Doing a mileage check might seem odd for a vehicle history report. After all, doesn’t mileage just continue to climb as the car is driven? Well, technically yes. But, bad actors or human error may have resulted in tampering or data problems related to the mileage that you’ll need to be aware of. It’s best to get educated about the mileage checks on a vehicle history report and what they mean. So, we’re here to help:
- Pass - This is the ideal outcome. A passing score means that no mileage issues have been recorded for the vehicle and you don’t have to worry that it’s been clocked. A passing result looks like this.
- Warning (Reduced) - This is a concern. Either the odometer has been tampered with intentionally or human error was included in the last MOT. Either way, you’ll want to be wary of making a purchase until you know what has caused the recorded miles on the car to go down. Here is what a warning for reduced mileage looks like.
- Warning (Mixed Format) - With this warning, you’ll want to get more information before buying this used car. The mixed format warning means that some readings have been in miles and others in kilometres, so the system can’t verify it’s correct. Here’s what that warning looks like.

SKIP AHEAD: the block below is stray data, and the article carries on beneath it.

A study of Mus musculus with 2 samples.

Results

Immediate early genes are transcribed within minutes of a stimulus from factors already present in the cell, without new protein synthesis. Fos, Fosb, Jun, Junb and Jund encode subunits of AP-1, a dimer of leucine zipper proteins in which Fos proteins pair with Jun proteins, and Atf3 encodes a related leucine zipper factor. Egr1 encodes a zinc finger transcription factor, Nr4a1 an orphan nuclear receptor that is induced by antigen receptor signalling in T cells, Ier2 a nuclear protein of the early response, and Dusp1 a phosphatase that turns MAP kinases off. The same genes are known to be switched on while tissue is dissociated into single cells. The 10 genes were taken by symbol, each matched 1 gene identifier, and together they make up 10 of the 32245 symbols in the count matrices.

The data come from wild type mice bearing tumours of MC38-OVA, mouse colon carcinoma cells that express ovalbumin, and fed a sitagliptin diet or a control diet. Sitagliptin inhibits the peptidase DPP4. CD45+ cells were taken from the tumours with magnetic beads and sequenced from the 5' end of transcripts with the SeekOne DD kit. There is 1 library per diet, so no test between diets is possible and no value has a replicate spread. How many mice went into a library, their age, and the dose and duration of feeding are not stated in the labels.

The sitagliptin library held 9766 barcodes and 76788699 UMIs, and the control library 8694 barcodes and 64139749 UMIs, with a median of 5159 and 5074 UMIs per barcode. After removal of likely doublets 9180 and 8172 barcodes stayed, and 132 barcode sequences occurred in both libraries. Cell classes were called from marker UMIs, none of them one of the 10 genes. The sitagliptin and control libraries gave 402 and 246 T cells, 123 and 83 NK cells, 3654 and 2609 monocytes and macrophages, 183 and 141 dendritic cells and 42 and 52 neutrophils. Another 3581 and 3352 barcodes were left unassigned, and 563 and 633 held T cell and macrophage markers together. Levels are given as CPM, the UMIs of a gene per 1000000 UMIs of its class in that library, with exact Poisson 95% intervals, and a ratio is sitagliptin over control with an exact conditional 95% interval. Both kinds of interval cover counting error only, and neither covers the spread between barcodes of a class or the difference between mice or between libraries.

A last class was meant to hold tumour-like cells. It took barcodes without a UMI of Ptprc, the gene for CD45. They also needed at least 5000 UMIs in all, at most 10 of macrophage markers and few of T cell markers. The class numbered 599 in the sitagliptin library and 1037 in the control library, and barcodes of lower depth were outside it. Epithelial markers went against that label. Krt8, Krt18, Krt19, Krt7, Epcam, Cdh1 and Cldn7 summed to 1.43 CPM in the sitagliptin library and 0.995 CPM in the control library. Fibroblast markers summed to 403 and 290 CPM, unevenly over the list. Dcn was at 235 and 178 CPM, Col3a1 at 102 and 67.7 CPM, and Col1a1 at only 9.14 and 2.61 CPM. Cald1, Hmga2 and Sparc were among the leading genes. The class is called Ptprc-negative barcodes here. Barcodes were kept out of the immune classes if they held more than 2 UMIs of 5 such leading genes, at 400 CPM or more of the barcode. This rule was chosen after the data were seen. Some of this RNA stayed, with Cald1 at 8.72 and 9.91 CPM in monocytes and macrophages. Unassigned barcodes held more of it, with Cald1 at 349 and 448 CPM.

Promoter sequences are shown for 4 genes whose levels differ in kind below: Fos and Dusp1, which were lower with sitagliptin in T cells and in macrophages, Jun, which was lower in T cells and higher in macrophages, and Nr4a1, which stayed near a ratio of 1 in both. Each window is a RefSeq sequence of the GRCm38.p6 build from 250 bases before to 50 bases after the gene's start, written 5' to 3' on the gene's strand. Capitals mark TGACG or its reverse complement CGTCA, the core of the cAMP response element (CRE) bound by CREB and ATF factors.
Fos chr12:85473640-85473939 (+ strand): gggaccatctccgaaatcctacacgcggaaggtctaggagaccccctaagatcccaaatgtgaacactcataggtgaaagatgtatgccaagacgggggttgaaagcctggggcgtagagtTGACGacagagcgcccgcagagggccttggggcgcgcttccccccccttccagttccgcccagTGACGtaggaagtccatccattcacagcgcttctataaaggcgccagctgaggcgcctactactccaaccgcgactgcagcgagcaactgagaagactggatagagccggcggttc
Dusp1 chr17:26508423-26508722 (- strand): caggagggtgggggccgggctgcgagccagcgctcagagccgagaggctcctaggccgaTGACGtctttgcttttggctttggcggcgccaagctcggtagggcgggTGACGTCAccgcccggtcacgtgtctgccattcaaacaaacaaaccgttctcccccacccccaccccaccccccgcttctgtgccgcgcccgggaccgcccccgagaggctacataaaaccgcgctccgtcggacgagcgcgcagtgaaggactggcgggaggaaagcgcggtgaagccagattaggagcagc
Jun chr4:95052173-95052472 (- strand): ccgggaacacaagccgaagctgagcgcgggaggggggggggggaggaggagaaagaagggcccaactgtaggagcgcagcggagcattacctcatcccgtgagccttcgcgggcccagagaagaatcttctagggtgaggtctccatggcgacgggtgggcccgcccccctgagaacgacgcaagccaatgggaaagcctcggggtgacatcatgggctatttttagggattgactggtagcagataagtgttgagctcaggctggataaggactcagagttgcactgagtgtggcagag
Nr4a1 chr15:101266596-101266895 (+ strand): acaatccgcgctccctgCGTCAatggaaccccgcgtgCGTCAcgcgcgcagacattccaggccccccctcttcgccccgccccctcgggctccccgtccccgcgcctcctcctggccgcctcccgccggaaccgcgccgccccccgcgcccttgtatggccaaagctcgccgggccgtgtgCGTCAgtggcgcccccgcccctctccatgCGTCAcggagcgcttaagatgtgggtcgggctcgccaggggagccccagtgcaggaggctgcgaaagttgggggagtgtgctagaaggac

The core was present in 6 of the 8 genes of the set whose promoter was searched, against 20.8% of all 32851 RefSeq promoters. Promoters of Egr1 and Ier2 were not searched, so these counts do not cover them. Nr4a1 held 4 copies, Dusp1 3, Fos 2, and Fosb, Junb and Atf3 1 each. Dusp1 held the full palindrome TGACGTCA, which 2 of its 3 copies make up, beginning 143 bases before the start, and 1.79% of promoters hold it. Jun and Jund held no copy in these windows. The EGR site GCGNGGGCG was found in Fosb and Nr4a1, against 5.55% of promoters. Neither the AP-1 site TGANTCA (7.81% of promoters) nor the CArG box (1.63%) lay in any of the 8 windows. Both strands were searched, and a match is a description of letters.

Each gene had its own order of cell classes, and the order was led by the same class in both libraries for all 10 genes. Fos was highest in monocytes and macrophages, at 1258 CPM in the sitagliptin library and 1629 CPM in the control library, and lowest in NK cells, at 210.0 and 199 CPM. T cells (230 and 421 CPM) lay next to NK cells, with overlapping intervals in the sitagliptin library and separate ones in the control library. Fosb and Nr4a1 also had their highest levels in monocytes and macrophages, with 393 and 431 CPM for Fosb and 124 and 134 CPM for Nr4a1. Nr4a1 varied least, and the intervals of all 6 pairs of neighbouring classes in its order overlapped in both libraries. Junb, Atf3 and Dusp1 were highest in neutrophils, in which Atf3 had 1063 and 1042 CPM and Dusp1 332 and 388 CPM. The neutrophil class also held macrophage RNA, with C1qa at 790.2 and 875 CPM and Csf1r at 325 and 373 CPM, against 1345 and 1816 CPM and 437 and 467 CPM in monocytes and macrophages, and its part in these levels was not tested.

What is a clocked car?
A clocked car is one where the mileage has been manually reduced in order to defraud the potential customer or leasing agent and present them with a vehicle showing less apparent mileage. Contrary to popular belief, it’s actually easier to tamper with odometers now that they are digital. Whatcar says, “one in 16 cars in the UK has a discrepancy between its actual and apparent mileage. That’s an increase of 25% since 2014. Cap HPI states that more than 40% of car dealers have bought a second-hand car that they’ve later discovered has been clocked.” So, it’s a pretty common and serious issue.
What should you do if you get a mileage warning?
Well, don’t panic. After all, the warning could all be down to human error. A mechanic could have typed in 7,821 miles when he meant to record 78,210 or supplied KM instead of Miles on the MOT. So your first step is to ask for more information from the seller. They might be able to provide you with further documents to validate the mileage. This could include invoices for repair work and the like that show the mileage at set times in the car’s history. If it looks like an error has been made, you’ll need to contact the DVSA (who looks after this data) and follow these steps. If you’re interested, a list of commonly clocked cars is available here. But it goes without saying that you should always carry out a vehicle history check on any used car before buying.
Should you buy a car with mileage warnings?
The short answer is no. Make sure to resolve any mileage warnings with the DVSA before you complete the sale. If you don’t, you could end up paying over the odds for a car with more miles than you think. According to the Express, “Research in 2018 suggested that the value of an average second-hand family car could rise by £4,000 if the mileage has been slashed by 60,000 miles.” Sometimes even by tens of thousands in the case of higher-end models like Range Rovers. In case the error was an honest mistake, taking the time to put it right will save you hassle down the line too, when you decide to sell it on.
Remember, there are more than just mileage warnings to look out for, so if you need help understanding your report, we’re happy to help. Simply get in touch here.